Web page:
Summer will be over before you know it, and, with the arrival of fall, doctors will be treating more cases of asthma in the emergency rooms. Asthma affects an estimated 300 million individuals worldwide and its prevalence in children is increasing.
Asthma is a chronic inflammatory disorder of the airways in which airflow is obstructed that can be completely or partially reversed, with or without therapy. Most children with asthma develop symptoms before the age of 5. Asthma will differ with each child and symptoms may get better or worse at certain times of the year. In some children, asthma symptoms will improve with age. Common symptoms of asthma include coughing, wheezing, trouble breathing, chest pain and recurrent bronchitis. There is no cure for asthma, but you can keep symptoms at a minimum by having an asthma action plan.
Dr. Peter O’Keefe, a board-certified pediatrician at Village Pediatrics on Long Island, explains why more children with asthma have flare-ups in the fall.
"When the kids are out in the field in the fall, playing sports late in the evening, they are inhaling that cooler air and get an exercise-induced bronchospasm," he says. "What we try to do now in August, when ragweed and all of the other allergens kick in—we start to incorporate some preventative things before school starts. We have an asthma plan."
O’Keefe uses an asthma action plan with red, yellow and green levels designed to help the patient.
"When a child first comes down with asthma, the parents are overwhelmed by all of the medicines," he says. "This plan allows the child to know what to do. When you start to have symptoms of coughing or wheezing, you may start with some Albuterol. When they are having some of the symptoms, they can look at the plan and say, ‘This is how I feel,’ and follow the instructions on what to do. If you are in the red area, you are obviously doing much worse and you are calling 911 or the doctor, but you have a plan for what to do until help arrives."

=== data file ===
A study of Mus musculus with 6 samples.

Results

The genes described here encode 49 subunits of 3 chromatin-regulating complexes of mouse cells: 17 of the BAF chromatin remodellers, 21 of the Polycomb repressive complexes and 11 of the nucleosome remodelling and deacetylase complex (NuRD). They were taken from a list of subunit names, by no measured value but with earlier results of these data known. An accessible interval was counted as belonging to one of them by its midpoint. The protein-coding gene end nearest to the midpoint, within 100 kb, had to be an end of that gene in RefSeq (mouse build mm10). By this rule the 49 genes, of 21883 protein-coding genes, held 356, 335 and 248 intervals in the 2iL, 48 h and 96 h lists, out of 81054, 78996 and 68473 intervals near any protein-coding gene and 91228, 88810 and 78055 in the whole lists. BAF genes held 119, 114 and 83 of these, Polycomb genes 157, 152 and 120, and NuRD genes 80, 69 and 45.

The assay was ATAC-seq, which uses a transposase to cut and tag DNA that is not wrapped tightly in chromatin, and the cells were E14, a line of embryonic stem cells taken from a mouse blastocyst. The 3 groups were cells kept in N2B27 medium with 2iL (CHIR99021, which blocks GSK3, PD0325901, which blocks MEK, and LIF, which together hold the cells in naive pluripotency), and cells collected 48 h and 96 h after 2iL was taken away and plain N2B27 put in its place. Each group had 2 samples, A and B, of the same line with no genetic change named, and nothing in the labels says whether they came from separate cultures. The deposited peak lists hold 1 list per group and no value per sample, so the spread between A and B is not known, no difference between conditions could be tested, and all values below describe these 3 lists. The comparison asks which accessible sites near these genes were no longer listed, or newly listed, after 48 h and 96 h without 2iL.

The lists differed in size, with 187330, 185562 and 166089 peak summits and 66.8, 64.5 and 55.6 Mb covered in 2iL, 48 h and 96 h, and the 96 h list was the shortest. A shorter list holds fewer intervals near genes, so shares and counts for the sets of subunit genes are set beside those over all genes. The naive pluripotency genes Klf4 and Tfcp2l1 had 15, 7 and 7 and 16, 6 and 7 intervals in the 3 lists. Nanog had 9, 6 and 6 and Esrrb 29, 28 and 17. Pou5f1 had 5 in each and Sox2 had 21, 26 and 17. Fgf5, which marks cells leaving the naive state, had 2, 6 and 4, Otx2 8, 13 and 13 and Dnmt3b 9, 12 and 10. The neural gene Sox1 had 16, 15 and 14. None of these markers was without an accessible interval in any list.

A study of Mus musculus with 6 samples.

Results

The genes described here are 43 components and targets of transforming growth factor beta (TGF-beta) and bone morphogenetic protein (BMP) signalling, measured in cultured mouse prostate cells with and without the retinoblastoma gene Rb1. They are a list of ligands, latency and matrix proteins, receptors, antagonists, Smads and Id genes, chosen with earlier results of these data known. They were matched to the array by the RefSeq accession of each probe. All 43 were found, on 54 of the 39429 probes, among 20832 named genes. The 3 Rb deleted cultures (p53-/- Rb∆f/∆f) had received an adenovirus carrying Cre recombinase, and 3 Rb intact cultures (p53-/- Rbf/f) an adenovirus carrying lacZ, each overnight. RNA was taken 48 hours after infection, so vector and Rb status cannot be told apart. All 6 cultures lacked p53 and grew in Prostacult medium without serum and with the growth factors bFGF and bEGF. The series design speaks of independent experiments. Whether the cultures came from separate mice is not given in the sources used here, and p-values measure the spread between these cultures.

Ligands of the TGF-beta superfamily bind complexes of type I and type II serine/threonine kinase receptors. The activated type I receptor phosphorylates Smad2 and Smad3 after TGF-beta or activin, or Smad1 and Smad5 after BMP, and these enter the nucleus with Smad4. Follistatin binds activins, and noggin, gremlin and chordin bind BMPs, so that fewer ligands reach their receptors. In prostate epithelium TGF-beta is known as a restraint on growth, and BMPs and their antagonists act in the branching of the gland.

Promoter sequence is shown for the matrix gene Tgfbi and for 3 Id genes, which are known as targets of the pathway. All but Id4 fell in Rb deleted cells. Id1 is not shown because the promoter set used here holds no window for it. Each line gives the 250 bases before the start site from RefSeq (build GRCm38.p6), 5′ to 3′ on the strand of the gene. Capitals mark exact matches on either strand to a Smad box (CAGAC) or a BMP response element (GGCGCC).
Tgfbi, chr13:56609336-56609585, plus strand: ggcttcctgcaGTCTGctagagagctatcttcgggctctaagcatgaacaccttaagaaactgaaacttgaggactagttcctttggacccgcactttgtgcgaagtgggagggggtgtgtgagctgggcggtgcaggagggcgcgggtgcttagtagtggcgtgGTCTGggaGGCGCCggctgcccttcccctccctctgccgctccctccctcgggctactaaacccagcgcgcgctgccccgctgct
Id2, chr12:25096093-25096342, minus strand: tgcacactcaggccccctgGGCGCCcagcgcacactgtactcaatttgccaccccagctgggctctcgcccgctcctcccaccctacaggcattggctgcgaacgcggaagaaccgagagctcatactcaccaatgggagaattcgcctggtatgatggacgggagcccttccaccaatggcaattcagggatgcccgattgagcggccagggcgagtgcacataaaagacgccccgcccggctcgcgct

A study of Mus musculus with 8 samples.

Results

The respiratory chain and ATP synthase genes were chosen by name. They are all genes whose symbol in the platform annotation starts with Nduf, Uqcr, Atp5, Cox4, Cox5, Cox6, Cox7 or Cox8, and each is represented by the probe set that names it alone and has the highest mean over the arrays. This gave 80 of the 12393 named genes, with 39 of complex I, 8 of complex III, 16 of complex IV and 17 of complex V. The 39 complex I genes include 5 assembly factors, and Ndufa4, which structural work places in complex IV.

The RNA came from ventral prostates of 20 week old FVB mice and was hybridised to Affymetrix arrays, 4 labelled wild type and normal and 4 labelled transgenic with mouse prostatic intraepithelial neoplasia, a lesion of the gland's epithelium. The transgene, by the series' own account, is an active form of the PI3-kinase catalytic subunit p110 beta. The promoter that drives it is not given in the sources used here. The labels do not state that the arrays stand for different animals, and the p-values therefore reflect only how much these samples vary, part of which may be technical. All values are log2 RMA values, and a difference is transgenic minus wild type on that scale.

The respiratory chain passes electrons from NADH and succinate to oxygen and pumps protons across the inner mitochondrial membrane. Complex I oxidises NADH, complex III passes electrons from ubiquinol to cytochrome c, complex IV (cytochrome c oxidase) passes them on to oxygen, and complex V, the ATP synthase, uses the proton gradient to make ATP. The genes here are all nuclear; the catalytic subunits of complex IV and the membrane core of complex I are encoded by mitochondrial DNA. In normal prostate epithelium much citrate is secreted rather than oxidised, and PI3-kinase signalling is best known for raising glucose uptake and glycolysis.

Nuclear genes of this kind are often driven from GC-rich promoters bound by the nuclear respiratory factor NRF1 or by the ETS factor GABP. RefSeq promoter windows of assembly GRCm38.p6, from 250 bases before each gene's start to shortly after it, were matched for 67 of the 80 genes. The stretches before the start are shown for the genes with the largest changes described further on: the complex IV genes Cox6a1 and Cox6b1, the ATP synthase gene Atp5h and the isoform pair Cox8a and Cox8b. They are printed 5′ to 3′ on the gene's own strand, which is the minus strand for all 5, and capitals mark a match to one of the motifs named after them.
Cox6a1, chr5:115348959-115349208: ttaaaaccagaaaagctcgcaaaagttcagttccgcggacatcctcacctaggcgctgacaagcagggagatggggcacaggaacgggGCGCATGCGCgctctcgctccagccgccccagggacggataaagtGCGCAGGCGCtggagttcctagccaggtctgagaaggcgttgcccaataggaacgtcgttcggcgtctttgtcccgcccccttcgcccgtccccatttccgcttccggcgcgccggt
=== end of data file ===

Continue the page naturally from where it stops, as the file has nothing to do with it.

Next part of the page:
One way to test for asthma is by using a peak flow meter, an instrument into which the child breathes to measure how much air he or she is able to expel in a short period of time, usually a few seconds.
Certain triggers, such as weather changes, seasonal allergies, cigarette smoke, perfumes, pets, chemicals, paints, dust mites, molds or cold air, can start an asthma attack in a child. Infants with asthma may feed slowly or experience shortness of breath during feeding. Toddlers may become fatigued easily and cough more when exercising. For children under 5, asthma attacks can be triggered or worsened when they have colds or respiratory infections. For some children, severe asthma attacks can be lifethreatening and require emergency room treatment.
Asthma emergency symptoms include:
• Gasping for air
• Breathing so hard the abdomen is sucked under the ribs
• Difficulty speaking If your child experiences any of these symptoms, get to an emergency room immediately.
O’Keefe stresses the importance of understanding asthma, but lets families know, "This is not the end of the world— you just have to be in control of your disease. These are the cards you have been dealt and these are the things you can do.
"For all of these kids who have asthma, the most important thing for them is that they can be kids and do what they want to do."
One of the examples Dr. O’Keefe uses when talking to patients who have been diagnosed with asthma is the story of Jerome Bettis.
"He played for the Pittsburgh Steelers and went on to win the Super Bowl three years ago," he said. "He has had a lifelong disease with asthma."
With all patients who have asthma, the key is patient and parent education and understanding how to use medications and devices. Discuss a management plan with your doctor and write and discuss in detail a rescue plan for an acute episode. A plan should include instructions for identifying signs of an acute asthma attack, using rescue medications, monitoring and when to contact your doctor.